SLAC to Join New Energy Frontier Research Efforts
The Department of Energy has funded 46 new projects that will investigate ways to make the U.S. energy economy greener and more secure. SLAC will contribute substantially to at least three of these Energy Frontier Research Centers.
Each of the 46 EFRCs, which the White House announced April 27, will receive between two and five million dollars per year for five years—a total DOE commitment of $777 million. One project, run out of the National Renewable Energy Laboratory in Golden, Colorado, will use the Stanford Synchrotron Radiation Lightsource at SLAC to help identify more efficient materials for solar energy conversion. Another, based at Oak Ridge National Laboratory, will try to find new ways to develop super-strong, radiation-tolerant materials, with possible applications in energy infrastructure. The Oak Ridge center will employ SLAC's Linac Coherent Light Source in this effort.
Stanford will host a third EFRC. The Center on Nanostructuring for Efficient Energy Conversion will research and characterize materials at the nanoscale—anything smaller than about 100 nanometers, or one-thousandth the diameter of a human hair—with the aim of advancing basic design principles for next-generation batteries, capacitors, fuel cells and solar cells. SLAC physicist David Goldhaber-Gordon, also an associate professor of physics at Stanford, is involved in this project.
"My role is to bring a physicist's perspective, to complement the engineers' perspective," Goldhaber-Gordon said. "I can give a sense of what new things can happen when you design things on the nanoscale."
As an example, Goldhaber-Gordon cited the pros and cons of extremely narrow electrical wires. Such nanostructures are great conductors, if they're perfect. Anything short of perfection, however, presents a problem: even a tiny flaw can cause electrons to bounce and stray, greatly reducing efficiency.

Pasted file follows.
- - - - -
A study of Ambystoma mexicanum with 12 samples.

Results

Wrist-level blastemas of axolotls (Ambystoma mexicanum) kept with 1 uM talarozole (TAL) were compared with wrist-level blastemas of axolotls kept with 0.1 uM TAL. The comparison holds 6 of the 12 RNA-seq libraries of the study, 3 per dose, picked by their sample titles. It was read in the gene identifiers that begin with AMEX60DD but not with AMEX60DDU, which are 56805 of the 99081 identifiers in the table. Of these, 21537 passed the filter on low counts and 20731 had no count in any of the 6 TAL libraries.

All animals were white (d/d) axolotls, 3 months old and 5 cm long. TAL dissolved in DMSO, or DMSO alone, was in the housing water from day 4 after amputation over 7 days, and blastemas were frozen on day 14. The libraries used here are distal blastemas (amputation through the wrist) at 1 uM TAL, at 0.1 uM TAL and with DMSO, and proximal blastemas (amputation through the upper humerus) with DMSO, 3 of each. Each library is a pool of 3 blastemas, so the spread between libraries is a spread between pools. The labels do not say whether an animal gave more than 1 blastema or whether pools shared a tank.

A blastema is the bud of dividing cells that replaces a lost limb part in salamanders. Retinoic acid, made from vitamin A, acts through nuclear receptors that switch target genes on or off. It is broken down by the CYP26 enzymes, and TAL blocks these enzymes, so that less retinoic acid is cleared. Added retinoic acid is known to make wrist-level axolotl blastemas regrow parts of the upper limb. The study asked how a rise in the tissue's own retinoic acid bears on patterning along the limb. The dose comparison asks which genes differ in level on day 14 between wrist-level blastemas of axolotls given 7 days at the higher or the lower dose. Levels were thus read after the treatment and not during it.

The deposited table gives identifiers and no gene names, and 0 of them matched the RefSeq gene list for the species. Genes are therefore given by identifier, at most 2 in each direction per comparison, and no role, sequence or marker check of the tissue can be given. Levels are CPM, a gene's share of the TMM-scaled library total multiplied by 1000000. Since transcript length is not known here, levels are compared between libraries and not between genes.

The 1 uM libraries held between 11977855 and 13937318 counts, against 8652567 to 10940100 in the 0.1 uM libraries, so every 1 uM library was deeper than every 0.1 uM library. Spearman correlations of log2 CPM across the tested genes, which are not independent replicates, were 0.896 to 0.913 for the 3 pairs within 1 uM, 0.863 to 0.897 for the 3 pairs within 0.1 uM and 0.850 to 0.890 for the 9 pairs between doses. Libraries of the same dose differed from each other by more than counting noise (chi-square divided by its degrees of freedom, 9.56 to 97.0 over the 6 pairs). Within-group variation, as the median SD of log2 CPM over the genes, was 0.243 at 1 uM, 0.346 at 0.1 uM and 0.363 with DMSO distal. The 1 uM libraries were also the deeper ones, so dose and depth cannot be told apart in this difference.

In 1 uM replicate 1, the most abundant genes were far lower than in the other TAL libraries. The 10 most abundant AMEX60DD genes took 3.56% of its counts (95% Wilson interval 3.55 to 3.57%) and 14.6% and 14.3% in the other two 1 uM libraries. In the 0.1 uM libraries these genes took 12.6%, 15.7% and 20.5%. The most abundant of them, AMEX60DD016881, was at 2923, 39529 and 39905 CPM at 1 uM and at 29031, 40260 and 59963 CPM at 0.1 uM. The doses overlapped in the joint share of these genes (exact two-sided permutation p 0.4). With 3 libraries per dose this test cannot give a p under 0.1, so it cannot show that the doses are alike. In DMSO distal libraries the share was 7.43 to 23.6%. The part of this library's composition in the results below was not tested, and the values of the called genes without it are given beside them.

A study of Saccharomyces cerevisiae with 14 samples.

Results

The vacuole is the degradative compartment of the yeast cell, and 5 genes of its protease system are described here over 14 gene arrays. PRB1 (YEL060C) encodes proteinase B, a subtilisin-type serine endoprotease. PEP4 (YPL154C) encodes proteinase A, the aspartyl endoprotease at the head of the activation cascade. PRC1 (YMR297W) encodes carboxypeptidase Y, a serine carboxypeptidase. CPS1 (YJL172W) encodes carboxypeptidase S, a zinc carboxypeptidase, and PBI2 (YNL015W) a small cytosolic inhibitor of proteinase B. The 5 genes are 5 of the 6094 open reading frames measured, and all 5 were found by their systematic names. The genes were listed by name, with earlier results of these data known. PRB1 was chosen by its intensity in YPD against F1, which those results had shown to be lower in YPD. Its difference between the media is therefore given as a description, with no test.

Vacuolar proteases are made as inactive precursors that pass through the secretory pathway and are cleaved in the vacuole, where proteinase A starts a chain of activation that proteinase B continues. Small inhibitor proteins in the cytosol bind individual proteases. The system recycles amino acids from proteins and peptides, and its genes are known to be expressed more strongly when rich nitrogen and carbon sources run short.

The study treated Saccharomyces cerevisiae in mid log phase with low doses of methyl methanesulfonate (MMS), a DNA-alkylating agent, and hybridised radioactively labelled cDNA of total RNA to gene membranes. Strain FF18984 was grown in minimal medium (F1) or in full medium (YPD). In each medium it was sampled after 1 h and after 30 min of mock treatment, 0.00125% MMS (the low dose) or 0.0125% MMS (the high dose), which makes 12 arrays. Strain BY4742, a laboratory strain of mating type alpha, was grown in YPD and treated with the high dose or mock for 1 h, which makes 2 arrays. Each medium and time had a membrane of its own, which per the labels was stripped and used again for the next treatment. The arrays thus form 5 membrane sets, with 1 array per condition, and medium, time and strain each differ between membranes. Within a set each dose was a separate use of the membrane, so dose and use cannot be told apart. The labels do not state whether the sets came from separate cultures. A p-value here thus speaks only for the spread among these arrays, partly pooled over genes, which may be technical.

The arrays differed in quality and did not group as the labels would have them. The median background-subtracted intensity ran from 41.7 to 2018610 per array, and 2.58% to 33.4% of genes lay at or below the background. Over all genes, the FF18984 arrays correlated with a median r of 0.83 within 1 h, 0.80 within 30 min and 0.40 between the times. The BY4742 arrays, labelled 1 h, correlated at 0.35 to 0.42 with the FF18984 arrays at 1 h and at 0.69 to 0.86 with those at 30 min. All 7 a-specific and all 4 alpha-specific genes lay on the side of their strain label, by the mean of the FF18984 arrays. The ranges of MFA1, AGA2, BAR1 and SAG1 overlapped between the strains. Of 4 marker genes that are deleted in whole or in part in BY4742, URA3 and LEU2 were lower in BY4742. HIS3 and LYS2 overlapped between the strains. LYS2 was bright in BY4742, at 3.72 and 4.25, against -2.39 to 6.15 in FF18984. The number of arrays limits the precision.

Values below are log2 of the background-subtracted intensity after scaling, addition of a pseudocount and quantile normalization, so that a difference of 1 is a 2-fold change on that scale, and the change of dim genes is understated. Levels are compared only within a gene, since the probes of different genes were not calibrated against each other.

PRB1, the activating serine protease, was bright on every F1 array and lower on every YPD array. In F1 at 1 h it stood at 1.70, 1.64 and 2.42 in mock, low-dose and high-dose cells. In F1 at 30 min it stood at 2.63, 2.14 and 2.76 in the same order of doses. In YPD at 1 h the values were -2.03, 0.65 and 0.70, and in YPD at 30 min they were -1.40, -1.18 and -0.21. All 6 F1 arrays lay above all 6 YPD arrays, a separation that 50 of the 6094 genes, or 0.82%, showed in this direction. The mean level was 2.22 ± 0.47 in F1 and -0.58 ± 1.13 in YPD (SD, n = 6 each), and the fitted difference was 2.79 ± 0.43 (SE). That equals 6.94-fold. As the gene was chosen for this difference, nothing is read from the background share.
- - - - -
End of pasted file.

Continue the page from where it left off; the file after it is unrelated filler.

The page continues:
If such issues are taken into account, nanomaterials hold great energy promise. This is partly because engineers have an incredible amount of control over their manufacture; they can draw up and tweak designs at tiny scales, maximizing efficiency. But many questions remain unanswered about nanostructures. Individual carbon nanotubes, for instance, conduct electricity very well. But how they might work in concert—as part of a solar cell or fuel cell, say—remains to be seen.
"What if two nanotubes cross?" Goldhaber-Gordon asked. "How easily can an electron get from one tube to another? And how does that impact conductivity?"
Stanford's EFRC may look into such questions, tapping the expertise Goldhaber-Gordon brings. He and some of his colleagues at the Stanford Institute for Materials and Energy Science—a joint SLAC-Stanford research center—have been thinking about these things for years.
At the moment, Goldhaber-Gordon is the only SLAC investigator working on the EFRC project. But that could change.
"My guess is that, over time, more bridges will be built between SLAC and Stanford through joint institutes like SIMES," he said. "I suspect there's going to be substantial use of SLAC facilities and personnel."
Fritz Prinz, co-director of the Stanford EFRC, left the door open to more SLAC participation down the road. And he pointed out that SLAC's contributions have already been substantial.
"SLAC has been very cooperative and very helpful," said Prinz, who also chairs Stanford's mechanical engineering department. "SLAC is providing significant machining capabilities and building a lot of the equipment and scientific instruments for this EFRC."
Stay tuned for more updates about SLAC participation in Energy Frontier Research Center work. For more details, see the synopses of all 46 EFRCs.